Are there 98 symptoms of COVID-19?


Utah Air Force Airman 1st Class Tanner Allen writes notes on a COVID-19 test at the Utah State Fairpark in Salt Lake City on Monday, May 17, 2021. There are nearly 100 symptoms of COVID-19.

Annie Barker, Deseret News

The novel coronavirus isn’t a simple disease you just get through in a weekend. Experts and public health officials have continually warned that the virus could leave long-lasting effects that impact you for the long haul.

In total, people infected with the coronavirus have reported close to 100 different symptoms, according to the COVID-19 Long Hauler Symptoms Survey Report from the Indiana University School of Medicine.

The report — which you read in full here — details the different symptoms people feel from having COVID-19 over time.

Here’s a full list of the symptoms of COVID-19 you could suffer from during your run with the disease, or in the months after it.

  1. Fatigue.
  2. Muscle or body aches.
  3. Shortness of breath or difficulty breathing.
  4. Difficulty concentrating or focusing.
  5. Inability to exercise or be active.
  6. Headache.
  7. Difficulty sleeping.
  8. Anxiety.
  9. Memory problems.
  10. Dizziness.
  11. Persistent chest pain or pressure.
  12. Cough.
  13. Joint pain.
  14. Heart palpitations.
  15. Diarrhea.
  16. Sore throat.
  17. Night sweats.
  18. Partial or complete loss of sense of smell.
  19. Tachycardia.
  20. Fever or chills.
  21. Hair loss.
  22. Blurry vision.
  23. Congested or runny nose.
  24. Sadness.
  25. Neuropathy in feet and hands.
  26. Reflux or heartburn.
  27. Changing symptoms.
  28. Partial or complete loss of sense of taste.
  29. Phlegm in back of throat.
  30. Abdominal pain.
  31. Lower back pain.
  32. Shortness of breath or exhaustion from bending over.
  33. Nausea or vomiting.
  34. Weight gain.
  35. Clogged ears.
  36. Dry eyes.
  37. Calf cramps.
  38. Tremors or shakiness.
  39. Sleeping more than normal.
  40. Upper back pain.
  41. Floaters or flashes of light in vision.
  42. Rash.
  43. Constant thirst.
  44. Nerve sensations.
  45. Tinnitus or humming in ears.
  46. Changed sense of taste.
  47. Sharp or sudden chest pain.
  48. Confusion.
  49. Muscle twitching.
  50. Feeling irritable.
  51. Weight loss.
  52. Post nasal drip.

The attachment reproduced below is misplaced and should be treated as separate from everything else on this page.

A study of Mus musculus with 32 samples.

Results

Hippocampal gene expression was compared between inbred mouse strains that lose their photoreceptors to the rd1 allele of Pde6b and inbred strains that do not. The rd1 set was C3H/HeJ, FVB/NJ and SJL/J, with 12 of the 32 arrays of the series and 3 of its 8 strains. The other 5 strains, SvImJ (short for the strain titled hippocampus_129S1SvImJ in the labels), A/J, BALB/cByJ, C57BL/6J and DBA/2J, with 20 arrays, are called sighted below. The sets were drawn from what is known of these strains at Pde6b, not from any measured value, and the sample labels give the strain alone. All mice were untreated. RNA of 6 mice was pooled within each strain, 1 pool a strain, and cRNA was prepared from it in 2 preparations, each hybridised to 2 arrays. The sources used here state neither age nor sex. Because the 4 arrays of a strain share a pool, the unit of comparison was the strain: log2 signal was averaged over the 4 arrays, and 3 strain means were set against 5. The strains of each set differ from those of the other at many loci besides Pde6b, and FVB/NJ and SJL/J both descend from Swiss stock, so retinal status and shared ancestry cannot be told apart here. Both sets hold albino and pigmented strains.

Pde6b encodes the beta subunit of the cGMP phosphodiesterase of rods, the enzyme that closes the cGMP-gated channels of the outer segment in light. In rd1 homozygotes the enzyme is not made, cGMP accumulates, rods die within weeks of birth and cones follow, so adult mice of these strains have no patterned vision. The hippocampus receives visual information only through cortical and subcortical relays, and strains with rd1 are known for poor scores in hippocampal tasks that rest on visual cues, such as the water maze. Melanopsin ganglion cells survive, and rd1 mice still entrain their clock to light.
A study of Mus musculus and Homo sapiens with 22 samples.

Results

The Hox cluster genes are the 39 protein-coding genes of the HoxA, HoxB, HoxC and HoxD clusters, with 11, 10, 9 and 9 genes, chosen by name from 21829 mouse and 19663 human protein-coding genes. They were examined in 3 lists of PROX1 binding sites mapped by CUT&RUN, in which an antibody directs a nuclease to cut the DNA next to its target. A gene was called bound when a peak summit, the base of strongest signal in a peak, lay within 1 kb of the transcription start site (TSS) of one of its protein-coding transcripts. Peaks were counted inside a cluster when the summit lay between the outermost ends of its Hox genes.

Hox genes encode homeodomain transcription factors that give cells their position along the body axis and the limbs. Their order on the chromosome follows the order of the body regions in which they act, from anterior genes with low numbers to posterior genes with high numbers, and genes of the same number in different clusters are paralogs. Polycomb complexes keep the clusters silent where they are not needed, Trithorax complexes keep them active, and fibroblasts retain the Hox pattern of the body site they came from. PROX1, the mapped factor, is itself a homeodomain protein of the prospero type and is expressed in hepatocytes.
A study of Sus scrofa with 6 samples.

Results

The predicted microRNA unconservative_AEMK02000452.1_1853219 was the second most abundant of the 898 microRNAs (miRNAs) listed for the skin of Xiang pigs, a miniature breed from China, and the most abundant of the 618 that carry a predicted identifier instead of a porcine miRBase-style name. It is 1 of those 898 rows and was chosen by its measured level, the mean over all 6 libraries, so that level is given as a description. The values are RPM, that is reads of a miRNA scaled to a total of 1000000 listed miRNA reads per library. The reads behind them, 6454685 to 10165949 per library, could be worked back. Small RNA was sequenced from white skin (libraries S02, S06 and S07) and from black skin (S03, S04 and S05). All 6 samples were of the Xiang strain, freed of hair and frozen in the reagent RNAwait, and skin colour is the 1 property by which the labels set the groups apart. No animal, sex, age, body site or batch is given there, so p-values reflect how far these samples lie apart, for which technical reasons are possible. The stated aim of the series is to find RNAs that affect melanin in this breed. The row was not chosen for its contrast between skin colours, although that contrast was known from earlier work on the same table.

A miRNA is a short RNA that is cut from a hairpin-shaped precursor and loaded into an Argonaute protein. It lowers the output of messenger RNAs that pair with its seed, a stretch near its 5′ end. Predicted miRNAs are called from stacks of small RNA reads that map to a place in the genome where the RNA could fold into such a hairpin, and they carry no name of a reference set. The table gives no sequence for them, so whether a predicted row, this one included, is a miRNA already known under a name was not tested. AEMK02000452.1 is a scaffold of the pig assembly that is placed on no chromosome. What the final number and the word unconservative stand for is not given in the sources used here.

53. Dry throat.
  54. High blood pressure.
  55. Dry or peeling skin.
  56. Swollen hands or feet.
  57. Heat intolerance.
  58. Mouth sores or sore tongue.
  59. Neck muscle pain.
  60. Chills but no fever.
  61. “Hot” blood rush.
  62. Phantom smells.
  63. Bone aches in extremities.
  64. Feeling of burning skin.
  65. Extreme pressure at base of head or occipital nerve.
  66. Swollen lymph nodes.
  67. Brain pressure.
  68. Kidney pain.
  69. Spikes in blood pressure.
  70. Costochondritis.
  71. Hand or wrist pain.
  72. Bulging veins.
  73. Abnormally low temperature.
  74. Mid-back pain at base of ribs.
  75. Burning sensations.
  76. Jaw pain.
  77. Painful scalp.
  78. Arrhythmia.
  79. Low blood oxygen.
  80. Cold burning feeling in lungs.
  81. Cracked or dry lips.
  82. Goiter or lump in the throat.
  83. Foot pain.
  84. Eye stye or infection.
  85. Covid toes.
  86. Low blood pressure.
  87. Dry scalp or dandruff.
  88. Kidney issues or protein in the urine.
  89. UTI.
  90. Hormone imbalances.
  91. Thrush.
  92. Gerd with excessive salivation.
  93. Personality change (drastic).
  94. Herpes, EBV or Trigeminal neuralgia.
  95. Anemia.
  96. Elevated thyroid.
  97. Bilateral neck throbbing around lymph nodes.
  98. Syncope.

Reminder: These symptoms were reported by individuals who suffered from COVID-19.

Can COVID-19 vaccine stop long COVID symptoms?

Public health experts have suggested that the COVID-19 vaccine might help people heal from their long COVID-19 symptoms, as I wrote for the Deseret News. And the vaccines might stop fully vaccinated people from getting long COVID-19 symptoms, too.

  • “It’s a phenomenon that doctors and scientists are watching closely, but as with much about the yearlong coronavirus pandemic, there are many uncertainties,” according to The New York Times.